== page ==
Photo: Sarah Kaiser/WFIU
Building Community Around Food
Earth Eats recently took a visit to the Bloomington, Indiana Winter Farmers Market at the Harmony School gymnasium. We found a plethora of locally-grown foods: winter greens, squash, root vegetables, mushrooms, and (the most popular item among the people we talked to) cheese.
The winter farmers market acts not only as a place for locals to go and purchase the tastiest foods of the season, but it also provides a platform for consumers to interact with the local growers and learn more about where their food comes from.
The suppliers also get the chance to educate consumers. Mandy Corey, owner and operator of Schact Farms, comments on the relationship between market goer and provider. “People are really invested in us and what we do. They’re kind of our cheerleaders.”
As one market-goer puts it, “It’s not just money and food exchanging hands, it’s community being built.”
Photo: Alycin Bektesh/WFIU
Quinoa, The Super Food
I didn’t see quinoa for sale at the market, but it’s easy to pick up a bag from the grocery store. We got this bag of red quinoa from the Double Oak Farm store in Columbus, Indiana.
Quinoa is a seed. It’s high in protein, but not only that, it’s a complete protein, which means it also contains a balanced set of essential amino acids. It’s also high in iron, dietary fiber, and it’s gluten-free. You can sprout the stuff, too, and unlike the 12 hours is takes to sprout wheat, it only takes quinoa 2-4 hours to grow its tendrils.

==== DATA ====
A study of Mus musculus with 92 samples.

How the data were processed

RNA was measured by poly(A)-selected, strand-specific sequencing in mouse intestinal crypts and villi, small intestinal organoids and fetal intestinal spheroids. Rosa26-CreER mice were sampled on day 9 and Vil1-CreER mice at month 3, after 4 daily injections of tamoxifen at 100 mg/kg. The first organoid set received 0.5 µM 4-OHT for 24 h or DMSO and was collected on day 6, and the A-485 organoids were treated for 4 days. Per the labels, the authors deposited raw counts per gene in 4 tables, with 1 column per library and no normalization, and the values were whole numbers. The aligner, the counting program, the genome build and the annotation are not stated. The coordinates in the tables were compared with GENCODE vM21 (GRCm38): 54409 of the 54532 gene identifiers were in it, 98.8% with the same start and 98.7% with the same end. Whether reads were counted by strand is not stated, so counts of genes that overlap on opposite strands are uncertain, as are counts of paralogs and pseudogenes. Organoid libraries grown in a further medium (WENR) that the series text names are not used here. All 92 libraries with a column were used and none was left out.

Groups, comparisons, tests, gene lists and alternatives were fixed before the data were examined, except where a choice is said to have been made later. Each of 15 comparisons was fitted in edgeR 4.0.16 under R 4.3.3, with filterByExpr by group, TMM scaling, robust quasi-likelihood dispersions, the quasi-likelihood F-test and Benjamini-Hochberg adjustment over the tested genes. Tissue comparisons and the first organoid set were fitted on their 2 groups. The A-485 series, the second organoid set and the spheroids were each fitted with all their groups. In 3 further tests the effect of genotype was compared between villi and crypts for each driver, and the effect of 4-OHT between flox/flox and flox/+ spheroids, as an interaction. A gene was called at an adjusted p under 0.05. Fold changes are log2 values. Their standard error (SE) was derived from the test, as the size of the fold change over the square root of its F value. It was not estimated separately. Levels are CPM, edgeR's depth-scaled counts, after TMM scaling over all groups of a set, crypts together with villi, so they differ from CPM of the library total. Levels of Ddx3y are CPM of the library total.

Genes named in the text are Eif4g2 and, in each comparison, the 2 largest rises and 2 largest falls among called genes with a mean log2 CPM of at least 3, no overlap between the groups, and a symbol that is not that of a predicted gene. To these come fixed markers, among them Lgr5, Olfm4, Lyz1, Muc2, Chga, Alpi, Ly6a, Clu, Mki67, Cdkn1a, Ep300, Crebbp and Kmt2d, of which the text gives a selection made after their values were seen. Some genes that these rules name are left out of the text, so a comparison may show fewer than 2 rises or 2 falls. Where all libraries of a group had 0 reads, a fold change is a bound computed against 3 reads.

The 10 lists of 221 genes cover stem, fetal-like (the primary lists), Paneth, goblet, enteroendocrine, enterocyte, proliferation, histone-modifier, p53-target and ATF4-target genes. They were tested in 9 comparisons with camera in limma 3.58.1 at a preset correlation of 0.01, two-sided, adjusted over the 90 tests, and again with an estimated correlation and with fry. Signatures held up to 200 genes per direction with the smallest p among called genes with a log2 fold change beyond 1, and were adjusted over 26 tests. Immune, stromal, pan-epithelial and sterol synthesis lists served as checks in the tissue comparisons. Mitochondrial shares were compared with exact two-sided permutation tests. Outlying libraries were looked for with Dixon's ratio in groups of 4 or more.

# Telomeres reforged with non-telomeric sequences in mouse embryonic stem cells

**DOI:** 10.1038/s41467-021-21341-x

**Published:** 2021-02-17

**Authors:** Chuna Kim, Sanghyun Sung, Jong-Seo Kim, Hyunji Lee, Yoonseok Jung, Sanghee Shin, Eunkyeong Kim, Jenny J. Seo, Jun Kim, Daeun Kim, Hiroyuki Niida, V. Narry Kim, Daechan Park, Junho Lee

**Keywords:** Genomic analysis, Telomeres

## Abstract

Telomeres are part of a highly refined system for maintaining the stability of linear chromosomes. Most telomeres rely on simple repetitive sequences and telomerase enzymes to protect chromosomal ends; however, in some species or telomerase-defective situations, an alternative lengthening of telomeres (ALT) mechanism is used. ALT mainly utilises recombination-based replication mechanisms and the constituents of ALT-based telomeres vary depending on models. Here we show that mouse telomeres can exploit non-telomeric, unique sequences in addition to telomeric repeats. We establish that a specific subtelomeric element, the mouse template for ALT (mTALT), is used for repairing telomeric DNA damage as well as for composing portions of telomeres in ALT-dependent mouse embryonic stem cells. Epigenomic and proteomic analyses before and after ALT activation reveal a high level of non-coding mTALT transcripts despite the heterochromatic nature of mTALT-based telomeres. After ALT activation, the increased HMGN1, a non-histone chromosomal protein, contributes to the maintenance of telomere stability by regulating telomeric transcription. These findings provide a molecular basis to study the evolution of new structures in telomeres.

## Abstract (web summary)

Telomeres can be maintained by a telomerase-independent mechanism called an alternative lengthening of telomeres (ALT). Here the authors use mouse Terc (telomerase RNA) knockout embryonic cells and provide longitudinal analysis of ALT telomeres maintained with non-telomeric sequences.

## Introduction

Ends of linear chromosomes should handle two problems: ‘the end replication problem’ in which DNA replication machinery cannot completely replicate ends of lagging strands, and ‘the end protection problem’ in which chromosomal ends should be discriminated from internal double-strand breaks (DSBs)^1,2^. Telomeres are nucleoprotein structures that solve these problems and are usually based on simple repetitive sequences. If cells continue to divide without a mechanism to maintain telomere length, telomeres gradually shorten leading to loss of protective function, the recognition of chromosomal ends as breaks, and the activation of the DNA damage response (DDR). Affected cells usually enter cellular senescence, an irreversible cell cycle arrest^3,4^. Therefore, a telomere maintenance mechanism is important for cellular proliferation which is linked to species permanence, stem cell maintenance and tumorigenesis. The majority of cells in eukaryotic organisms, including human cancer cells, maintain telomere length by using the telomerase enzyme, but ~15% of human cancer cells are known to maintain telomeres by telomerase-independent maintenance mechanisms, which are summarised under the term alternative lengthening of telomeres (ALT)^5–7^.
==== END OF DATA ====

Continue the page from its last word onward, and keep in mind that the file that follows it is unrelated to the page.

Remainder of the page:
Just call quinoa super food!
Cook it with garlic, olive oil, and salt and pepper to get some extra taste. It’s tasty served in a salad, or add it as some stuffing in omelets or peppers.
Later-Winter Soup With Turkey And Quinoa
We like to think of this recipe as a big pot of leftovers. Chef Orr shredded some smoked turkey and added veggies from the root cellar – carrots, collard green, leeks, turnips, and parsnips.
Kumquats add some color and a zing of citrus. Their bitterness pair well with the smokiness of the turkey.
Photo: Sarah Kaiser/WFIU
- 2 quarts turkey broth
- 2 cup shredded smoked turkey
- 1 cup quinoa
- 1 1/4 cup water
- 8-12 kumquats
- 3/4 cup diced carrots
- 3/4 shredded collard greens
- 1 onion, diced
- olive oil
- With the quinoa, add olive oil, garlic and salt and pepper to a pot.
- Add water and bring to a simmer. Continue adding water as necessary. Cook until the sprouts burst forth.
- In another pot, combine broth, turkey, kumquats, and vegetables. Simmer for 30-40 minutes
- Add cooked quinoa toward the end of the cooking process.
Lima Bean Soup Or Ragut
Cooking beans from dry may take longer, but we think it’s worth it in the end. “The thing with cooking beans from dry is that you can inject a lot of flavor into the beans,” says Chef Daniel Orr.
He starts off with some olive oil and garlic in a pan and then, “This is one of my secrets,” once the garlic starts to brown, he adds rosemary for a nice rustic flavor. You can reuse this trick when you’re trying to spruce up some canned tomato sauce. “It will taste like you’ve been cooking it for hours!”
However, you certainly can pre-soak them if you like. They will cook faster that way. To do this, add one part beans to three parts water and soak them for 6 hours before you start cooking.
Whatever you do, make sure to pick through the Lima beans and remove non-bean materials before you start cooking. Also, rinse beans to wash off any “insect material.”
- 1/2 pound washed Lima beans
- 1-2 tablespoons minced garlic
- olive oil
- 1 sprig rosemary
- 1 15 oz. can chopped tomatoes
- 1/2 chopped onion (red or white)
- 1/2 cup chopped carrots (other root vegetables of your choice)
- 2 bay leaves
- 2 1/2 – 3 cups water
- In a large pot with olive oil, toast the garlic. Add leaves from the rosemary sprig once garlic has browned.
- Add beans, chopped tomatoes, chopped onion, carrots, bay leaves, and water. (Err on the side of adding too little water at first. You can always add more later, but you can’t take it out!)
- Bring to a boil, then simmer until beans become soft.
- Serve as a soup or a sauce over fish.